Mount Diablo State Park seems aptly named if you visit in summer, when dry, sunny afternoons in the high 90s are a fixture of the environment. It’s another world, however, in winter and spring, when the hills green up and Pacific breezes cool the air as you climb higher up the hills.
I paid a visit to the Diablo summit in early December and had to hike hard to stay warm — a light sheen of ice covered many a puddle up there. I went back again on Sunday to hike the popular Falls Trail Loop, a five-miler that climbs 1,300 feet up into a canyon where cascading creeks create a number of nice little falls. Not spectacular by Bay Area standards, but the trails follow the creeks most of the way so you get a lot of that calming aura of running water pretty much the whole way (the guidebooks don’t mention that walking next to these burbling books will trigger an insatiable desire to pee; consider yourself warned).
Seeing the falls in their full, raging glory requires slogging through gooey, muddy trails after about three days of strong rains. Another option is to give the trails a week to dry out and imagine how much more water would be flowing in the falls while you’re not cleaning all that gunk off your shoes, socks and pantlegs. That was my option on Sunday. Yeah, the falls were underwhelming but the hills were a gorgeous green you get only with direct sunshine.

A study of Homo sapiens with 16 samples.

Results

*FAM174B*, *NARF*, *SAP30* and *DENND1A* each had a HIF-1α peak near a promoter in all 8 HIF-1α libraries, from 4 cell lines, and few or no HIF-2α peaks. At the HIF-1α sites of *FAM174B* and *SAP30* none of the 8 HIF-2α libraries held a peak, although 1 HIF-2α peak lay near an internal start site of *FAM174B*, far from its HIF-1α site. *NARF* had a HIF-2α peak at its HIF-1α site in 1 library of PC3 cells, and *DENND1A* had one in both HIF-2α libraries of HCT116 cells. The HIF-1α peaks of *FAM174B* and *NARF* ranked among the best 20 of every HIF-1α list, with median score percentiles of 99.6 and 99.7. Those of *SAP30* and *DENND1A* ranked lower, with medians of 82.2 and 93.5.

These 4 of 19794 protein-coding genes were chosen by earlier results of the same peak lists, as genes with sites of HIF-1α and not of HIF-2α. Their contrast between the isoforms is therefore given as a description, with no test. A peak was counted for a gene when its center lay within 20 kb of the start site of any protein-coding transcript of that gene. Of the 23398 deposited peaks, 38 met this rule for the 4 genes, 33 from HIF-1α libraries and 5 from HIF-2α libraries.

Near the beginning of the trail. It’s mostly an old dirt road here but the sections near the falls are single-track.
Jonquils growing near the site of Donner Cabin.
Tree growing from a rock face near the Falls Trail.
None of my waterfall shots came out worth a darn, but this little cascade offered some consolation.
Required dead-tree pic.
A ridge in the distance climbs toward the Diablo summit.
Weatherwise this was perfect day; sunshine, mild breezes, high in the low 70s. All of which gives me the perverse desire to do this hike again in the middle of a rainstorm, mud be damned (though I must admit that when it’s man vs. mud, the mud always wins).
If you ever go to Mount Diablo State Park, get yourself a trail map; the hike combinations are mind-boggling. If you go in summer, bring lots of water — you’ll need every drop.